1. If one gets an unauthorized access to the mainframe computer / internal network of the ISP, then wouldn't he be able to sniff all the traffic ? Because the ISP is providing the internet connection for the user so all traffic that sends and transmits a user travels via the ISP, right ?

  2. What security solutions (talking about computer security) are being implemented by other ISP in order to protect themselves and their users ? If all the connections are being sent via a special computer, how secure it is and how can be we sure that it's really safe ? And what kind of computers are those who serve as backbones for the ISP ?

Thank you in advance for your help.


3 Answers 3

I think you have to assume that anything you send over the Internet unencrypted is not secure. Even then there's no guarantees as there are many man-in-the-middle type attacks and who knows what the security is of the system that's storing your data on the other end.

If you need to get data securely from point a to point b then it's up to the end points to figure out how to best do that. In most cases on the web that's done with SSL. But businesses often use VPN technology to encrypt all data between two locations as well.

Edit: To expand on my answer a little. I think your use of the word mainframe is a bit off in this case. Most traffic going through an ISP is just going through the IPS's network not their servers. So it's traversing, routers, switches, firewalls, and most likely caching proxies. With a bit of deep packet inspection and traffic shaping perhaps. But in general only the traffic going to services that the ISP offers such as email would be passing through their servers.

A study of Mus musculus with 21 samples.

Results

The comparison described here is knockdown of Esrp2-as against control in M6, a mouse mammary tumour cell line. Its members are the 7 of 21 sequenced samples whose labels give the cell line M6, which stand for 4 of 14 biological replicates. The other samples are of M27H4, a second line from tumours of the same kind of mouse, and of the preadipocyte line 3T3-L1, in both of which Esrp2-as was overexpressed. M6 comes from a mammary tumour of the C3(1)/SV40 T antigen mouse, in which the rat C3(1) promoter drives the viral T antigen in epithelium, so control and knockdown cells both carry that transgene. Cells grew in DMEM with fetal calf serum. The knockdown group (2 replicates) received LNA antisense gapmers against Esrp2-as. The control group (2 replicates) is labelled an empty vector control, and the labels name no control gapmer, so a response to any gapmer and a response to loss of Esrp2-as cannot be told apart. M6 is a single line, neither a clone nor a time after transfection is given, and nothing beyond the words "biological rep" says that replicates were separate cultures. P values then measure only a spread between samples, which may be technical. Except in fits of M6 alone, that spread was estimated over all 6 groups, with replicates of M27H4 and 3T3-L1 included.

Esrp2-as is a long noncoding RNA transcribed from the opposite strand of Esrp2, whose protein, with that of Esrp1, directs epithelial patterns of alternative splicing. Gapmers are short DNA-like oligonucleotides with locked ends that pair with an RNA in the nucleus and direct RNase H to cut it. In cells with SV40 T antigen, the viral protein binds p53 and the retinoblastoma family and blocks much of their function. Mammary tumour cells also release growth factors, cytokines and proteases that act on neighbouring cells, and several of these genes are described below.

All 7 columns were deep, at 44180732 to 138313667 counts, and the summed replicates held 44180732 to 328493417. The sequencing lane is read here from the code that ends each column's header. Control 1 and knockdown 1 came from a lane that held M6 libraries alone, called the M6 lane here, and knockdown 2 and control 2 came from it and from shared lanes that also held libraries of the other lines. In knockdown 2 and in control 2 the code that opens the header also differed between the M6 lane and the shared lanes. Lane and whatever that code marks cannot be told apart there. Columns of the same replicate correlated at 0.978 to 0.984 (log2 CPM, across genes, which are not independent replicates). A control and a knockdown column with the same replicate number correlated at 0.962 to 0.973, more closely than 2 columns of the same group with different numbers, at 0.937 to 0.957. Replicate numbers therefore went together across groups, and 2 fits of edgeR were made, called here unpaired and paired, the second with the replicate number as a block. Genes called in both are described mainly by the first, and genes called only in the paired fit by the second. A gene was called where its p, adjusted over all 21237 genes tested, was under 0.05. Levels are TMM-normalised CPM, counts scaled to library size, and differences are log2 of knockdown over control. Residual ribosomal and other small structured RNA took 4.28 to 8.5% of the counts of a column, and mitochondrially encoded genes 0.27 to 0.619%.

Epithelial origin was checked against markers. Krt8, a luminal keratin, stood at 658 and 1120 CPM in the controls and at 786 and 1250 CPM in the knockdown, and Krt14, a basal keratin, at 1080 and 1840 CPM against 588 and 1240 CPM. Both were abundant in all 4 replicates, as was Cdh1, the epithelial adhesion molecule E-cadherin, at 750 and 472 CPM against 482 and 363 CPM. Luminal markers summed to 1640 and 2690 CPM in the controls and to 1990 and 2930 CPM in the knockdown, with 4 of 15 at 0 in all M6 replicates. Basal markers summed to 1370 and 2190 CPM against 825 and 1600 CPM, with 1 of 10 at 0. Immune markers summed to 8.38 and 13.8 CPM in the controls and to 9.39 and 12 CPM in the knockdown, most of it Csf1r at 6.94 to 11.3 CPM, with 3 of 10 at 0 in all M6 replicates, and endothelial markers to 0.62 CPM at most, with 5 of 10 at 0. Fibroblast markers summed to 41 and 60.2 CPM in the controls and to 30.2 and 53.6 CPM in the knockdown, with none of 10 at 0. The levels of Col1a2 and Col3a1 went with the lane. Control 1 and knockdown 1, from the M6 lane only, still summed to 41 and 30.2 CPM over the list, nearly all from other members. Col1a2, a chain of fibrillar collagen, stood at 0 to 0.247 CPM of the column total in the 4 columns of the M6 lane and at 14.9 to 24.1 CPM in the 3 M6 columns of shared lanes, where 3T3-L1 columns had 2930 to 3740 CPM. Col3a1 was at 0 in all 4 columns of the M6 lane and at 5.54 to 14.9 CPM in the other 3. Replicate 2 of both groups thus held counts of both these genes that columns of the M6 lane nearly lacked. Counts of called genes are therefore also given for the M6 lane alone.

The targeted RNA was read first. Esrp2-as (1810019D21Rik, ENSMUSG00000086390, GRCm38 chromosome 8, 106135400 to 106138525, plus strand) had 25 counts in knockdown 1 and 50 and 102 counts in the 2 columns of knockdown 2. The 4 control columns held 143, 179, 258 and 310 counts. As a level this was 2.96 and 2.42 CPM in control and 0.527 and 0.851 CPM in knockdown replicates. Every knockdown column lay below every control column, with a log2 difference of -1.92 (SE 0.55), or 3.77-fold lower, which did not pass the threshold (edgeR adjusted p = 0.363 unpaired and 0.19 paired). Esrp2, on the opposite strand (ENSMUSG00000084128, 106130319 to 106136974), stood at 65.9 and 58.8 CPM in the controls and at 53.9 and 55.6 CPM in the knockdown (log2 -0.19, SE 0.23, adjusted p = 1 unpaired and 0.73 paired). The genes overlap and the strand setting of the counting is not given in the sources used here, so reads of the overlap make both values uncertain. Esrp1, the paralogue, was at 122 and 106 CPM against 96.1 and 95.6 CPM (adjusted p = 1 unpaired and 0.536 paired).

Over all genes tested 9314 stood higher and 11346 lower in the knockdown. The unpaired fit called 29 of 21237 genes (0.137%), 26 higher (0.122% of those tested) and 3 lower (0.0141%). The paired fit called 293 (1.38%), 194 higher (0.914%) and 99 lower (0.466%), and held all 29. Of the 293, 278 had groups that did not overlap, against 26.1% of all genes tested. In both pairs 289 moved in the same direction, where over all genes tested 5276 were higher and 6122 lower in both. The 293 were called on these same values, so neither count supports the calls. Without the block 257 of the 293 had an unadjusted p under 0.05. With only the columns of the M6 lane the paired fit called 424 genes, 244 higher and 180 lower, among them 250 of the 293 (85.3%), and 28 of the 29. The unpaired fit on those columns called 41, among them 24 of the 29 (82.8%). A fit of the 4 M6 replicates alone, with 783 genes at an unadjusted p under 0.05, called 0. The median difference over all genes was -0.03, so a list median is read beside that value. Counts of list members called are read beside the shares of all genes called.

2) VLANs, updates on systems, auditing for unusual behaviors, etc.

Are you asking as a user afraid of what the ISP is doing to watch your traffic? You're never fully sure your traffic isn't being watched. I mean, think about it...you are doing banking traffic. Your traffic is going from your computer to your provider to your providers upstream provider (and you don't know how many hops that is) to the ISP of your bank to your bank's servers. Your connection stands to be hijacked at your network, your ISP, your bank's ISP, and your bank's employees, and any hop on the backbone in between. And how do you guard it? Encryption, at most. That's assuming someone isn't injecting a fake cert to hijack your SSL connection, and that no one has installed a keylogger or screen capture program on your system or a bank employee's system.

Can someone do it? Sure. Odds are you'll have a thief just as soon mug you at the ATM than go through the trouble, but yes, it's possible. It's just not a threat so common that it's worth losing sleep over.


The types of computers ISPs have are called routers, and the job of those routers is to get the traffic from one point to another. They need to protect these routers to ensure that data makes it to its (proper) destination and they work hard to make sure people can't hack into the routers and reroute traffic. The security of the traffic itself is up to the users at each end. Rerouting traffic and preventing hackers damaging their portion of the internet is their concern.